By Barbara Falconer Newhall
I can’t say that I go along with the idea that one must be 100 percent sexually chaste before marriage. But I do think that the evangelical Christian culture that holds to this principle has a lot to teach the rest of us.
My Spiritual Writing group at the Glen Workshop in Santa Fe last week included several evangelical Christians — young ones — for whom, I suspect, chastity before marriage is a hot topic.
A line from a book by our workshop leader, Lauren Winner — Real Sex: The Naked Truth About Chastity — sums up just one of the helpful thoughts that I (as the “liberal-Christian-who-finds-truth-in-Buddhism-Islam-and-heaven-knows-what-else” in the room) gleaned from my close encounter with the evangelical point of view last week.
Lauren writes that chastity and singleness “tell us, for starters, of a radical dependence on God. In marriage, it is tempting to look to one’s spouse to meet all one’s needs. But those who live alone,without the companionship and rigor of marriage and sex, are offered an opportunity to realize that it is God who sustains them.”
Hmmmm. A refreshing thought in our happily-ever-after culture of “Sleepless in Seattle” meets “Notting Hill.” Thinking of marriage as marriage, rather than as the answer to all our troubles, takes a heck of a lot of pressure off the arrangement.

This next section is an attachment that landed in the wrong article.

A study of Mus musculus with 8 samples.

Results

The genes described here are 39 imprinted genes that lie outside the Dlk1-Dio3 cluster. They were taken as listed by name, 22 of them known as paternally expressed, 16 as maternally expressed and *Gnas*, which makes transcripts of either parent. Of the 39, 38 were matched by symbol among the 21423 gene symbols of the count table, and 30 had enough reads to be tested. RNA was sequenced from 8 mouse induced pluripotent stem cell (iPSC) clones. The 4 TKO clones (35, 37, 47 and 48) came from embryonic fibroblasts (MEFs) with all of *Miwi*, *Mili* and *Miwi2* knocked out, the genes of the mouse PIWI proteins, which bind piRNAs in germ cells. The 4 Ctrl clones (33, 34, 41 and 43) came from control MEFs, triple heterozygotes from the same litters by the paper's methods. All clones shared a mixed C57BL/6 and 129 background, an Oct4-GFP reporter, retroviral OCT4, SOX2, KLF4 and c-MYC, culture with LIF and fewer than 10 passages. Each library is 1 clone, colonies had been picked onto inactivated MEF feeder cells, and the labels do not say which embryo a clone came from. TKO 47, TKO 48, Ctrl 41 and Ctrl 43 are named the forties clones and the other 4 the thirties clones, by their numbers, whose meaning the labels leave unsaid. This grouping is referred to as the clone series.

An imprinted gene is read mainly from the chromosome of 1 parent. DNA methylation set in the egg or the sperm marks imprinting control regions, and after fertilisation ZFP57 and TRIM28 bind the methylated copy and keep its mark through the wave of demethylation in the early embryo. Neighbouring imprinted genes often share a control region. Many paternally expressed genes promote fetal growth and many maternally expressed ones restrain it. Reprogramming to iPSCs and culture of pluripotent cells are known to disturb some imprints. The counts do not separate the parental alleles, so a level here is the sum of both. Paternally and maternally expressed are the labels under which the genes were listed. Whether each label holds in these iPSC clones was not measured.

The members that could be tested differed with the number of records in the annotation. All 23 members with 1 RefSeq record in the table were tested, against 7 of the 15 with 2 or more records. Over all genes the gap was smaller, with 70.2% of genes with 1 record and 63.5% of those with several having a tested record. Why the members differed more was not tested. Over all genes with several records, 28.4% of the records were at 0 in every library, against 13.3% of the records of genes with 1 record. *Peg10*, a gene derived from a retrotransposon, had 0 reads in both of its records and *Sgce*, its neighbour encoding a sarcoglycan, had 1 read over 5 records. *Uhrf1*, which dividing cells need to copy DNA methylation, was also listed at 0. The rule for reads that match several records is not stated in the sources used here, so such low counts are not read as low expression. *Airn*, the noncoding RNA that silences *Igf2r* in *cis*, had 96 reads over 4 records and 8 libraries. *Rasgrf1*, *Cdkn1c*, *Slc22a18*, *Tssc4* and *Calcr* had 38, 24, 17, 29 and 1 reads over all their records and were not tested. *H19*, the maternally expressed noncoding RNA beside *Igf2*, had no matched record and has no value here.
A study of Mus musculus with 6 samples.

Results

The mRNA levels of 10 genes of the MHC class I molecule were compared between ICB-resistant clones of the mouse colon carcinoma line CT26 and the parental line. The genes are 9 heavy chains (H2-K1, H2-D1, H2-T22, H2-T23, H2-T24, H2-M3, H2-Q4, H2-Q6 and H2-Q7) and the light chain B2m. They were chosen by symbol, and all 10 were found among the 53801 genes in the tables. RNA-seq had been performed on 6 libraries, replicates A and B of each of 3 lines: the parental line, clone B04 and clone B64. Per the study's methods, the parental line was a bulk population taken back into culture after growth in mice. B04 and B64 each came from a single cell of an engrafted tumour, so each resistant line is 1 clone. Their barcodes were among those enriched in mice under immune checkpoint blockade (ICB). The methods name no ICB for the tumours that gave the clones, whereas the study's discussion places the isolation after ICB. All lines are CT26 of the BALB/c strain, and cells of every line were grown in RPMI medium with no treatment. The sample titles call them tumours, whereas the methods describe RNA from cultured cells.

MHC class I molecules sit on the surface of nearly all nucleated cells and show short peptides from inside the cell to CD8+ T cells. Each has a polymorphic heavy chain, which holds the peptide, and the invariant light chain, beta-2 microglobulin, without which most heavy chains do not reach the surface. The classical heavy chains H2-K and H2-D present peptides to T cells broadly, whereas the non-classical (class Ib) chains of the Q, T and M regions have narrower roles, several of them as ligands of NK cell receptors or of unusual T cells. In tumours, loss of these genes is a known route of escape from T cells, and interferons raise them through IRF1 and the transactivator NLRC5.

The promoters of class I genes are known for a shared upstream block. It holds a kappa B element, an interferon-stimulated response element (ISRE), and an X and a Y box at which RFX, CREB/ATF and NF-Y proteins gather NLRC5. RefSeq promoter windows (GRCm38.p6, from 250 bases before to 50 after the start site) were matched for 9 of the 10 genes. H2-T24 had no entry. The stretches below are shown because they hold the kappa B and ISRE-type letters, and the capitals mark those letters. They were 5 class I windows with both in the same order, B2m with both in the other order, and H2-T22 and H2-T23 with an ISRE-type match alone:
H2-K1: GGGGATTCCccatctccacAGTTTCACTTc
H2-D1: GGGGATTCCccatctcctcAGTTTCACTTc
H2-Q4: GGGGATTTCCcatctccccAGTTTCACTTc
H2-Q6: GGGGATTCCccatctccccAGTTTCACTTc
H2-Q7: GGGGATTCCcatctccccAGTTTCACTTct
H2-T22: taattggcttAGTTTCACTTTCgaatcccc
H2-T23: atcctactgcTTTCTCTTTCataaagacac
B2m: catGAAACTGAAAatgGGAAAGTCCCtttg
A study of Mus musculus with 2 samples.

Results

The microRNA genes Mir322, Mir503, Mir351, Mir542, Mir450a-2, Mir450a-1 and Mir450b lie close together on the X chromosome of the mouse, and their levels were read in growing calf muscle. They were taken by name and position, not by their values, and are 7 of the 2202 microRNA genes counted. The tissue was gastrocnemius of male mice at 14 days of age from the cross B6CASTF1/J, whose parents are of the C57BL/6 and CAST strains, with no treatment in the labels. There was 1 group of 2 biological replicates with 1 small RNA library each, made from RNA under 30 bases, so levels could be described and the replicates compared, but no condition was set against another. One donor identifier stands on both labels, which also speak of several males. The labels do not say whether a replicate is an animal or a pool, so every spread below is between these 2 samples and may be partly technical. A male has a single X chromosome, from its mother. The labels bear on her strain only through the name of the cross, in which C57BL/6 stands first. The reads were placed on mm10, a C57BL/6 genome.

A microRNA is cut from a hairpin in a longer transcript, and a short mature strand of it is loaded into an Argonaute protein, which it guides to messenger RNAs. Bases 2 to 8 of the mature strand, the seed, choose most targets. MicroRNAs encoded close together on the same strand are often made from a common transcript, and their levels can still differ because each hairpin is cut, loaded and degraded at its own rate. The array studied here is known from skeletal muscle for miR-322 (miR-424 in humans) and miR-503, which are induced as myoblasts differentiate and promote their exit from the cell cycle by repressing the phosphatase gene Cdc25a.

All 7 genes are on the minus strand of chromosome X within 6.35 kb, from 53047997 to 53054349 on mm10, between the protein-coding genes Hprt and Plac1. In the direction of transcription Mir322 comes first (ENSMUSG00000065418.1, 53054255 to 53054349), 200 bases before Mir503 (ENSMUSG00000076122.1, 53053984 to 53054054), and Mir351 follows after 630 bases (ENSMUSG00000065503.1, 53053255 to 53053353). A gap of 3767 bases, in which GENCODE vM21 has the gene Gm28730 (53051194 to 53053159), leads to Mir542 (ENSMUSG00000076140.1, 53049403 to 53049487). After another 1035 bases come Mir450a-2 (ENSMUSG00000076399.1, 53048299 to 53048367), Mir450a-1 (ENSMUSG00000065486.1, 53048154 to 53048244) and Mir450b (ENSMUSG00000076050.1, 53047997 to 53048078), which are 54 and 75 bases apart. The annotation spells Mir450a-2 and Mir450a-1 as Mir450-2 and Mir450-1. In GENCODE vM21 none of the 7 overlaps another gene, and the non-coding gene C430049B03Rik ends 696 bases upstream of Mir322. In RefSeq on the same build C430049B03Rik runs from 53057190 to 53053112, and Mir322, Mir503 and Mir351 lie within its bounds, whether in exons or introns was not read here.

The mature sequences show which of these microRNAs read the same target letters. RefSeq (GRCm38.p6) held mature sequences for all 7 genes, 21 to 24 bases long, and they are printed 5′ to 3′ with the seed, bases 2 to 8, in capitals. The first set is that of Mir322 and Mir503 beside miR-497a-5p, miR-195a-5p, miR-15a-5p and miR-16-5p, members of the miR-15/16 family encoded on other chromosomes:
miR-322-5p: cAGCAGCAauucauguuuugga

Lauren has written another book, Mudhouse Sabbath, which I’m looking forward to reading. I love Lauren’s precise mind, even when it goes places that my (foggier) mind does not readily take me. So I am going to put her Mudhouse book on my bedside table, alongside works by some authors that Lauren recommended to our group, namely Vivian Gornick and Patricia Hampl.
P.S. Another thing that I learned at the Glen about current trends in evangelical Christian sex is — it’s sexy. Note, for one thing, the voluptuously unfolding magnolia on the cover of Lauren’s Real Sex book.
Real Sex: The Naked Truth About Chastity, by Lauren F. Winner, Brazos Press, 2005.
Mudhouse Sabbath: An Invitation to a Life of Spiritual Discipline, by Lauren F. Winner, Paraclete, 2003.
Want to read more about Lauren? Here’s a post from the Glen conference. She gave some excellent writing advice to religion scholars at the American Academy of Religion conference in San Francisco in 2011. Or if you’d rather, check out writer Jane Ann Staw’s thoughts on “The Toxic Reader.”